Europe | Belarus
August 5, 2008

The River Dniepr (or Dnieper) at Zaspa, Belarus.

The hire car was old and its radiator hose had sprung a leak a couple of hundred kilometres back, so I treated the potholed gravel roadbed with caution. Rolling gingerly through the two-horse village of Zaspa, I spotted an earthen side track squeezing between stockaded compounds. Passing the wooden cottages of peasant farmsteads on either side, I nudged the battered Astra down it. Within a minute, I found what I was looking for. The ground dropped abruptly down a grassy bluff, and in front was the wide River Dniepr, bursting its banks across a myriad of marsh-fringed channels thanks to a strong spring flood.

OK, I'm unusual, but I’ve always thought of the world's great rivers as deeply special. Not only are their names old friends from the dusty wall-charts of geography classrooms, but in the years before I could travel I would spend wet childhood afternoons tracing their routes in my parents’ Readers' Digest Atlas. In the case of the Dniepr that means a curling arc from low hills west of Moscow to the Black Sea near Odessa. At almost 1500 miles, the Dniepr is longer than any Western or Central European river save only the Danube. But during my childhood it had been effectively invisible, hidden entirely behind the Iron Curtain; something, which of course, only added to its allure.

So here I now was, and walking over the sodden turf to the very edge of the water I felt an immediate pull back to classroom and childhood kitchen table. But there was more, a pull back through centuries of history. For, as I'd discovered to my fascination as a teenager, a millennium ago the Dniepr had served as the royal road linking northern Europe to Byzantium and the east.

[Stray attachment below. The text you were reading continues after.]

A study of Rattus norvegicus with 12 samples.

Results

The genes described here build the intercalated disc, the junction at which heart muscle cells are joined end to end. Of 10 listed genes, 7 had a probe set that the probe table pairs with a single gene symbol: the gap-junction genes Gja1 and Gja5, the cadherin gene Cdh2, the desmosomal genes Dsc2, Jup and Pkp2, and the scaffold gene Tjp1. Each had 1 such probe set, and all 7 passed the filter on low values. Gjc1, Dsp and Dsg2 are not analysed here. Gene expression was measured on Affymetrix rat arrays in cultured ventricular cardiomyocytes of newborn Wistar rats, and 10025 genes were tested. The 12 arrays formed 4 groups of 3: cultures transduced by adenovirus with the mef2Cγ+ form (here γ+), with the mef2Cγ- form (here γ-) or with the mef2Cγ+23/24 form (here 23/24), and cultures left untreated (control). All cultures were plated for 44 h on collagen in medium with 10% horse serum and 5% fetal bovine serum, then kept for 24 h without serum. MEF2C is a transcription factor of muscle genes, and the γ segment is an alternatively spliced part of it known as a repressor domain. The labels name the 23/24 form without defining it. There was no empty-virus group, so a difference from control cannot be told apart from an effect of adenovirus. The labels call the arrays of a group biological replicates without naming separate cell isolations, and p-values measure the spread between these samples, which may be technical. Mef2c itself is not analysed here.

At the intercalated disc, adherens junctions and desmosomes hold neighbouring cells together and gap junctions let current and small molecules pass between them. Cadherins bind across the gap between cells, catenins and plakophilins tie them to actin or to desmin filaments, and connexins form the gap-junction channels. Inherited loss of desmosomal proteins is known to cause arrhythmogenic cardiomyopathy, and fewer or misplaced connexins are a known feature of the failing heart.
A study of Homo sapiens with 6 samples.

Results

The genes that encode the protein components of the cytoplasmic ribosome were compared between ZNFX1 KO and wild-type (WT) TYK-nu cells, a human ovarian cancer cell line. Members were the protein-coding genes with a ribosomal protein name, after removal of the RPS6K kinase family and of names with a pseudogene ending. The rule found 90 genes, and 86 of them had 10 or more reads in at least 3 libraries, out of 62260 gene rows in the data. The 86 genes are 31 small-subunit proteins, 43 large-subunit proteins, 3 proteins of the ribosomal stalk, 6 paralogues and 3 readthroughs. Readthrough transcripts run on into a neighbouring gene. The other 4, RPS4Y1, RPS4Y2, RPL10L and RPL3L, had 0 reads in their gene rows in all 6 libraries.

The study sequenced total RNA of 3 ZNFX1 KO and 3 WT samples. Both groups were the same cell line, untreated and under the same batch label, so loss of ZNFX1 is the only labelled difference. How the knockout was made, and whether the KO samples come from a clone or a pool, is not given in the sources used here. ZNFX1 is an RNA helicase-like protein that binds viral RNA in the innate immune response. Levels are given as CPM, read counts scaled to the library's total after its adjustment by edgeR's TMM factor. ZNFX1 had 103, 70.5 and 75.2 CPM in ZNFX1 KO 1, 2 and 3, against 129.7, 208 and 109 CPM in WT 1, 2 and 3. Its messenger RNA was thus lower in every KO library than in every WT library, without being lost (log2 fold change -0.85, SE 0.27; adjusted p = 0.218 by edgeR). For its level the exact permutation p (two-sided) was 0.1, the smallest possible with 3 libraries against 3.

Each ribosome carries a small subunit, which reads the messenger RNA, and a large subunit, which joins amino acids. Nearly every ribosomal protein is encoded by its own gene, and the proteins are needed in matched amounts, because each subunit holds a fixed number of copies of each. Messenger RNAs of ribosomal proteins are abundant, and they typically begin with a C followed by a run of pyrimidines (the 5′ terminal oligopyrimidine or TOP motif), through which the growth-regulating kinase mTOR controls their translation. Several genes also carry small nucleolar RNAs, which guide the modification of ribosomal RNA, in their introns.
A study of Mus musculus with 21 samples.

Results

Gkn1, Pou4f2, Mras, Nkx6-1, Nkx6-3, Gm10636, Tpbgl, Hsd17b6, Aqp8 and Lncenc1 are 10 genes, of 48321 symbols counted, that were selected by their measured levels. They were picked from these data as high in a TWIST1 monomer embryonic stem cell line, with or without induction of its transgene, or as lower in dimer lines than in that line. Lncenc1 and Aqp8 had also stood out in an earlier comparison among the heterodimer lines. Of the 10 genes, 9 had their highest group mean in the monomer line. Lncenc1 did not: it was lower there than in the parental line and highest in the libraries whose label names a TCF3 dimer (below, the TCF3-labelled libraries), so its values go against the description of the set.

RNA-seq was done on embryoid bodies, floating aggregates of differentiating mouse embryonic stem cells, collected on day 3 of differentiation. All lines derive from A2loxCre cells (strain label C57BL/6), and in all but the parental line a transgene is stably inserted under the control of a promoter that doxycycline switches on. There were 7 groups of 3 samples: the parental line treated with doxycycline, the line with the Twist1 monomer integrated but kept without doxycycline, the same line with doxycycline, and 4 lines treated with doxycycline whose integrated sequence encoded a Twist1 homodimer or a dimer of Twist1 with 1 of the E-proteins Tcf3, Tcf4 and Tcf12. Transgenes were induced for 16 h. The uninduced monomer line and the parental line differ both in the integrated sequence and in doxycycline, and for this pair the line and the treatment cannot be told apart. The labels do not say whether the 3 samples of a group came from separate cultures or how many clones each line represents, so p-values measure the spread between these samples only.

While in Britain the word 'Viking' summons thoughts of wild warriors interested only in rape and pillage, back home in Scandinavia, it's their eastern brethren - the Varangians - who are considered the more important. Men of trade not slaughter, they steered their longboats through the great rivers of the Russian forests and ultimately across the Black Sea to the treasures Byzantium. The Scandinavian assessment has history's flow behind it. One of the Varangians, Rurik, ultimately settled among the leaderless Slavs of the Dniepr's banks and went on to found the Rurikovich dynasty. First Tsars of Rus, they were the progenitors of the Russian nation.

The Varangians too came with the spring flood, using it to float them over shallows and low water rapids and to ease their annual passage down to Byzantium. Perhaps they had passed on a day very like this one, with lowering sky and a biting wind seemingly left over from winter. I couldn't know. But as I climbed back up to drier ground my imagination reached out across the centuries to share the fear and wonder that the armada of northmen would have aroused in any Slavic tribesmen looking out from the great boreal forest then still cloaking this spot.